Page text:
I first laid eyes on Elvis Presley in 1970, and let me tell you, it wasn’t through a screen or a magazine. I saw him live, in the flesh, in the same building as me. Back then, I was a bright-eyed 21-year-old, starting my senior year at the University of Washington in Seattle. One day, a fraternity brother excitedly told me that Elvis was coming to our city. Considering my room was constantly filled with Elvis music, my friend thought I’d be interested. And he was right!
Within minutes of receiving that news, I hopped in my car and raced downtown to buy a ticket. The thought of actually seeing and hearing Elvis live was surreal. I had become an Elvis fan at the tender age of 13 in 1962. Since then, I had always imagined that the closest I would ever get to him was a front-row seat at a movie theater. Even when he started playing in Las Vegas in 1969, I never once thought that he would embark on a nationwide tour. But he was coming to Seattle, and it felt like a dream come true.
On the evening of November 12, 1970, I found myself sitting in the Seattle Coliseum, second level, close to the stage on the right side. Fast forward forty years, and I can barely remember the opening acts. According to the press, Sammy Shore did his comedy routine, and “The Sweet Inspirations” and “The Imperials” performed a few songs. However, those acts have faded from my memory. What has remained etched in my mind is the image of Elvis dressed in all white, his voice strong and clear.
I do recall one specific song from that unforgettable night. Elvis stood still, his back to the audience, before swiftly turning around and belting out “You Don’t Have to Say You Love Me.” That moment is crystal clear in my mind, but apart from that, the details of the show are a bit hazy.
Curious to revive more memories of that night, I recently dug out the Seattle newspapers’ reviews from the following day. The first review I came across was by Janine Gressel in The Seattle Times. She had this to say:
“All the conditions for a smash hit were in place for Elvis Presley’s concert at The Coliseum last night. The concert was sold out, and the audience was buzzing with anticipation. However, despite Elvis’ personal magnetism and immense popularity, the show left much to be desired. His performance was short, lasting only about 40 minutes, although it felt even shorter. He sang just 14 songs, and only six of them were his original hits.”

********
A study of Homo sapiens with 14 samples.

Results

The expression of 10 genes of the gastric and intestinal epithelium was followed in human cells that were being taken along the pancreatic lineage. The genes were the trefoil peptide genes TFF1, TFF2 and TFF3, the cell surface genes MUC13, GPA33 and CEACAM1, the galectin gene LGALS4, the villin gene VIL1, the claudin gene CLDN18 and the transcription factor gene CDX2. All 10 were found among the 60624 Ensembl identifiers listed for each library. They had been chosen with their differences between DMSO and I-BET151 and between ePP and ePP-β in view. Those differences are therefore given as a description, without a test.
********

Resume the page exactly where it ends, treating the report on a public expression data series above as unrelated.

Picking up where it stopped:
Janine went on to mention how Elvis spent a significant amount of time horsing around on stage, engaging in gimmicks, and jokingly putting down other artists. In her view, the concert relied too heavily on theatrics rather than delivering what the audience had truly come for—Elvis’ music.
Stephanie Miller from The Seattle Post-Intelligencer, on the other hand, had a different perspective:
“The houselights dimmed, the flashbulbs popped, and there swaggered Elvis Presley onto the Coliseum stage. He wore slinky white bell-bottoms, white buck shoes, with western fringe hanging down his laced-up shirt and a Kelly green sash swaying from his legendary hips. The show lasted a mere 40 minutes, yet it was undeniably unforgettable. He let the songs roll off one after the other, captivating the crowd with his sultry, down-in-the-throat voice.”
Stephanie described Elvis as a musician who still possessed the charisma that made him famous. He interacted with the band and the audience, cracking jokes and charming fans of all ages. She noted that his voice had matured since his early days, becoming mellower and more refined.
From my seat in the audience, I would say that the truth lies somewhere between the two perspectives. Elvis may not have been at the absolute peak of his game that evening, but for me and countless other devoted fans, just the opportunity to see him perform live felt like a reward. It was a chance to witness the mystical and spiritual presence that Elvis had become in our lives.
Years later, in 1976, I had the privilege of seeing Elvis’s show once again in Spokane. By then, he was nearing the end of his career, but the experience was still cherished. Both the Seattle and Spokane concerts hold a special place in my heart. Elvis will forever be “The Greatest.”